Great performance accounts for “Zora”‘s triumphant run

By: Marlynne Boyer

By charming her audience with storytelling and sassy struts, Carey Hart gives a spirited performance as the late African-American female writer Zora Neale Hurston in the play “Zora” at the Mary Ann Wolfe Theater.

“Zora,” written by Laurence Holder and directed by Jerry Maple, Jr. from the M Ensemble Company, attempts to project the image of a proud, independent, animated Zora. With vivid imagery and personality, Hart involves the audience in hearing about Hurston’s life – including her experience in the “Big-Time” Jazz Age, her relationships and racism.

The play is a two-hour soliloquy that opens up with Zora taking authority by hushing barking dogs in Scene I. As the barking dies down, the ragtime melody “Sentimental Journey” is played. It is morning in Eatonville and the birds are chirping. Zora hums softly to herself as she washes her clothes in a tin bucket. With her hair wrapped in a brown-sequined scarf and wearing a long ruffled skirt with her shirt sleeves pulled up, she tells the audience about how she got to the “big time.” She reminisces about her Harlem Renaissance days as an aspiring writer in New York City.

With gleaming eyes she looks at her audience and talks to them. She talks about her journey of success with the Gilbert & Sullivan Dramatic Troupe and her years at Howard University in Washington. The audience becomes comfortable with the position as “Zora’s friend” and continues to listen to her. She lifts her skirt up slightly above her ankles and struts across the stage. The “strut” is a classy dance that African-Americans did at parties in the 1920s. When she talks to her audience about her love life, the audience laughs and smiles coyly.

But when the subject of racism is brought up, the audience is silent and serious. Suddenly, the whole theater forgets about their moment of laughter because Zora’s stories of racial discrimination in the Roaring ’20s is no laughing matter. And so, the audience listens again as Zora says, “Mama always told me to grab the broom of anger and drive away the beast of fear.”

Zora displays all sorts of emotions. At times she is nonchalant and relaxed.

But there are moments when the memories of her past appear to bother her and cause her to be angry, like when she “sells-out” to the white man just so that her works can get published, or when her first love, Herbert, leaves for medical school. When Zora “sells-out” to white publishers, she begins to have belly-aches. These belly-aches are symbolic and intentional.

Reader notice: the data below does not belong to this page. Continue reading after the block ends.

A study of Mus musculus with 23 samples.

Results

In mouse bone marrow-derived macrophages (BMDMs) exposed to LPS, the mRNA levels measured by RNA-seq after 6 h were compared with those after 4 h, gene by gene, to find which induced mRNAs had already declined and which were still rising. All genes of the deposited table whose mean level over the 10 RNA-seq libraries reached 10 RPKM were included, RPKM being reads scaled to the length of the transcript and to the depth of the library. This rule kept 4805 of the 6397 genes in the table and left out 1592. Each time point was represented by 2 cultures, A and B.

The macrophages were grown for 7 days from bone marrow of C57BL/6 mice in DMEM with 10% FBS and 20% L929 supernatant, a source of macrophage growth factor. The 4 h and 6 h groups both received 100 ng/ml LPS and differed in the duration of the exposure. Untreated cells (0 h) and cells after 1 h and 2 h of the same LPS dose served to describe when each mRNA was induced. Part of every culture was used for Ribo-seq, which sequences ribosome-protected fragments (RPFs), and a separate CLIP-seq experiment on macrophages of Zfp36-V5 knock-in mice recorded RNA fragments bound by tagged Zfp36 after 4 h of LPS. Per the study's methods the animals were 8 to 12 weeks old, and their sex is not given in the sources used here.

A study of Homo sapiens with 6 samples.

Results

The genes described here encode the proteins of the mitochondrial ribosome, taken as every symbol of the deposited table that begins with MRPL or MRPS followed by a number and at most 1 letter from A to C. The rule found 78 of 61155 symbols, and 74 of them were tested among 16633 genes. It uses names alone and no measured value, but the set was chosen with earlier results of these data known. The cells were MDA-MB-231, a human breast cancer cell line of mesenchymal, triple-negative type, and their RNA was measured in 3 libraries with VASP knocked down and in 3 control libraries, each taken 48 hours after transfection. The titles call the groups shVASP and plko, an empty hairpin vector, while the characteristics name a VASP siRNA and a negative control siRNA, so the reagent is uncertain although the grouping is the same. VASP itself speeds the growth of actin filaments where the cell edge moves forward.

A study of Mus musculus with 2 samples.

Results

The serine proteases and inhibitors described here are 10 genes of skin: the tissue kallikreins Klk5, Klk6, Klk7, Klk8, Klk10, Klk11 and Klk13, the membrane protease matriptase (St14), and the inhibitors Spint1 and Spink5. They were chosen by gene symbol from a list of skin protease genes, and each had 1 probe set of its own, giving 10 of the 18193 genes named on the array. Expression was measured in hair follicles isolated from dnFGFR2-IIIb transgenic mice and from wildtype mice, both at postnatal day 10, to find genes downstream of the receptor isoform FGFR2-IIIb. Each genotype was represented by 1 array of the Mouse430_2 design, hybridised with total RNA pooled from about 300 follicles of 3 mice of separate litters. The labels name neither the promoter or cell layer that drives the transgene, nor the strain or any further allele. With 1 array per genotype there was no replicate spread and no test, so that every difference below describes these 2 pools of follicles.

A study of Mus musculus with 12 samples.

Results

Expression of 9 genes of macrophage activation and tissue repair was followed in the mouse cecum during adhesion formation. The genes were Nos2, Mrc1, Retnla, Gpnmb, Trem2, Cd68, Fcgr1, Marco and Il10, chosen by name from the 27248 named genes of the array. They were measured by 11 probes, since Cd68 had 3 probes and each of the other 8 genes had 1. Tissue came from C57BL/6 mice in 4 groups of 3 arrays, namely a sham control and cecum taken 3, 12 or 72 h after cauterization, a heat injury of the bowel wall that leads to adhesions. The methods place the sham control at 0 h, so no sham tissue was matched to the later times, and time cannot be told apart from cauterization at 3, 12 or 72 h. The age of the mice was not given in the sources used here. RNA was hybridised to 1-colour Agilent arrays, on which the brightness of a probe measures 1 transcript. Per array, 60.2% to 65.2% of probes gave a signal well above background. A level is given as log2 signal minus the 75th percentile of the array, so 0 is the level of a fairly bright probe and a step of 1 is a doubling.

They are symbolic in that when Zora denies her African pride to conform to what is accepted by the publishers, her spirit aches. They are also intentional because Hurston had health problems and Hart wanted to give Hurston’s character more depth. There are also moments when Zora tells her audience about how her works were even criticized by African-Americans, especially by Richard Wright. These sentimental moments are all a part of Zora’s huge sentimental journey, and the audience can only sigh as they reflect upon these moments with her. “The real problem is that I was a single woman at heart,” says Zora, as she reflects upon a failed marriage and a disheartened love life.

The lighting concept of the play reflects upon Zora’s passionate moments with her lovers and upon the moments that she embraces her African heritage. The lights upon the dimmed stage turn red as she discusses African roots with the audience, and Zora becomes proud and her vivacity intensifies. When the discussion is about her lovers, the lights turn red again to symbolize love and adoration for her past male companions.

Overall, the life of Zora Neale Hurston was more than just a brief overview of her successes. Holder’s play allows people to see the personal side of Zora – the side that people do not come in contact with through a two-page report. It allows a member of the audience to see Zora as a person; not only as a Black History heroine. The work is a worthy effort and very original.